Mortgage defaults in Hawaii lag nation
The numbers are rising but are still far below the average
Mortgage loan delinquencies and foreclosures in Hawaii rose in the fourth quarter of 2006, but still remain far below the national average.
The delinquency rate for loans on one- to four-bedroom homes grew to 2.40 percent in the fourth quarter from 1.97 percent a year earlier, while the percentage of loans in foreclosure at the end of the quarter increased to 0.34 percent, up from 0.21 percent.
"We are coming off a period of extremely low delinquencies, so nearly all the statistics are showing a rise," said Russell Miyashiro, president of the Mortgage Bankers Association of Hawaii, which released the fourth-quarter delinquency rates yesterday.
However, Hawaii's delinquency rate was about half the national rate of 5.31 percent last quarter. The national foreclosure rate at the end of the quarter was 1.19 percent.
In 2003, Hawaii saw a surge in new mortgages and refinance loans because of low interest rates and home prices. As costs have risen over the past four years, home owners are increasingly strapped for cash leading to more loan defaults, said Paul Brewbaker, Bank of Hawaii's chief economist.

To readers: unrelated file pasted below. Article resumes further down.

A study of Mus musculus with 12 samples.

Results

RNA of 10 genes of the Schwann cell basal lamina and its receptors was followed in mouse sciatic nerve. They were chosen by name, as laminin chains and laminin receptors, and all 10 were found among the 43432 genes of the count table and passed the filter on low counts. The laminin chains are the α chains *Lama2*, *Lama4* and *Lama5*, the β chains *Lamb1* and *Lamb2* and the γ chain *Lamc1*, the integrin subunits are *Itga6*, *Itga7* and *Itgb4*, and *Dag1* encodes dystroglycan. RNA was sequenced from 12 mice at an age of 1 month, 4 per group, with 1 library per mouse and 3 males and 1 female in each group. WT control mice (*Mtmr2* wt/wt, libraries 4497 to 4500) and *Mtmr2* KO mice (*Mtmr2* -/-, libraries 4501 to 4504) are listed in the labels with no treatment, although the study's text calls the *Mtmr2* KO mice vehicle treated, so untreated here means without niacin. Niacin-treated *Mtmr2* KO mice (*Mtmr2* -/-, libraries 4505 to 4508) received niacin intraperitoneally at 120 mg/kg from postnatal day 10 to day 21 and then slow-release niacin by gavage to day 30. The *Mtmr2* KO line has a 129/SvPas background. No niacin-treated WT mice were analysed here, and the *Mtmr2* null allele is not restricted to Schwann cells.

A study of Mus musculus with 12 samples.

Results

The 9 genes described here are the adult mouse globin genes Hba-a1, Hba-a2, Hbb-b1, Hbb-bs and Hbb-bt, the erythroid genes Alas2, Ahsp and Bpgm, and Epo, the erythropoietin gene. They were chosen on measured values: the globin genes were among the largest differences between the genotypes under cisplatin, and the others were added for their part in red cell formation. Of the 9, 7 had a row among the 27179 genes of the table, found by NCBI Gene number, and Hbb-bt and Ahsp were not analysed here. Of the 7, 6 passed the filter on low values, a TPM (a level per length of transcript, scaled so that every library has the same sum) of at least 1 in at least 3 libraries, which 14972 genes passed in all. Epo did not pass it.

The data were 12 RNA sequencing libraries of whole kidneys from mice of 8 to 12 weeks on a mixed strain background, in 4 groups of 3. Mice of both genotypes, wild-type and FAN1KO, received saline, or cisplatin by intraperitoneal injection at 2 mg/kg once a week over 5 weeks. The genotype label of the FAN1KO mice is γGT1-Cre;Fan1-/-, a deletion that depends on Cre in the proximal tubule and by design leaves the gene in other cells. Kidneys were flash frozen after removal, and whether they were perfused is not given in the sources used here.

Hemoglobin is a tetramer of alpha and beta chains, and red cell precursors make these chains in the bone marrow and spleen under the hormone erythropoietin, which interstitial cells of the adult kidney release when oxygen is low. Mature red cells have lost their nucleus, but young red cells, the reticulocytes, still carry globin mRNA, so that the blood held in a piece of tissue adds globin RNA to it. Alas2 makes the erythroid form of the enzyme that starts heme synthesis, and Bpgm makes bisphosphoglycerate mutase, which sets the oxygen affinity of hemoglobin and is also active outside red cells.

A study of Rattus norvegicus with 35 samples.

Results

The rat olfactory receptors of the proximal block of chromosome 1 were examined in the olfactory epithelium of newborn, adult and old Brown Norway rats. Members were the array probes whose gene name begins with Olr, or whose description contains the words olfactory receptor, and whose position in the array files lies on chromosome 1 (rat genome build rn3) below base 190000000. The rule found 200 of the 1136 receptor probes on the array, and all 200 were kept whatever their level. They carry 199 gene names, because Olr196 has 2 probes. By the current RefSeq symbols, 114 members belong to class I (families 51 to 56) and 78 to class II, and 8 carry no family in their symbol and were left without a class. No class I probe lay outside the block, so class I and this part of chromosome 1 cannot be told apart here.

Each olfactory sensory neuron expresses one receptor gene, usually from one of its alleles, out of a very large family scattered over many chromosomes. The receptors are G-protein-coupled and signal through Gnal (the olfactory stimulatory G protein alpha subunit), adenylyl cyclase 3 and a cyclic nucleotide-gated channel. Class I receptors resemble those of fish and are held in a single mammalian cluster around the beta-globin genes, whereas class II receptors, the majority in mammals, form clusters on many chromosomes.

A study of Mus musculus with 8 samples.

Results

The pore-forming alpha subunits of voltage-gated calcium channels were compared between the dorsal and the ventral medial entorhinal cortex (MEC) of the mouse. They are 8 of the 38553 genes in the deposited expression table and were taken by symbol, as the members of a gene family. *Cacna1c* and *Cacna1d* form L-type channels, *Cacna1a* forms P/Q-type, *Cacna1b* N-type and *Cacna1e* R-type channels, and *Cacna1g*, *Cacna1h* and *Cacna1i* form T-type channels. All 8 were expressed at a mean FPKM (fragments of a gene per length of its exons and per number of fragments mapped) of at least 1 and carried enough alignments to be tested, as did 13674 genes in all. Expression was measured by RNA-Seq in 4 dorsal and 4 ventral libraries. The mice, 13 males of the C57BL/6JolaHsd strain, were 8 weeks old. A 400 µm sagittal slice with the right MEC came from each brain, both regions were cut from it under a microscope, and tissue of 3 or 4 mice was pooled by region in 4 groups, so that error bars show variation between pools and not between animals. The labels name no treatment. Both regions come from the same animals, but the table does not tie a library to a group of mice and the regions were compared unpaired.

"The price of oil has doubled and the cost of living has increased dramatically," Brewbaker said. "It's typical -- you get about four years out and you start to see where the problems are."
Hawaii also is seeing the end of a real estate cycle, in which over the past two years some lenders followed lower underwriting standards to hold on to business as new home production declined, he said.
Rodney Shinkawa, Hawaii Bankers Association executive vice president, said, "Prices and volumes have leveled off because of the activity in the last two years and we certainly are seeing the rise in delinquencies following the national norm."
However, Hawaii has a long-standing reputation for relatively low delinquency and default rates compared to the rest of the nation.
"We have good borrowers in Hawaii. That's one of the reasons why we're below the national norm," he said. "It's not going to be as alarming as certain areas on the mainland."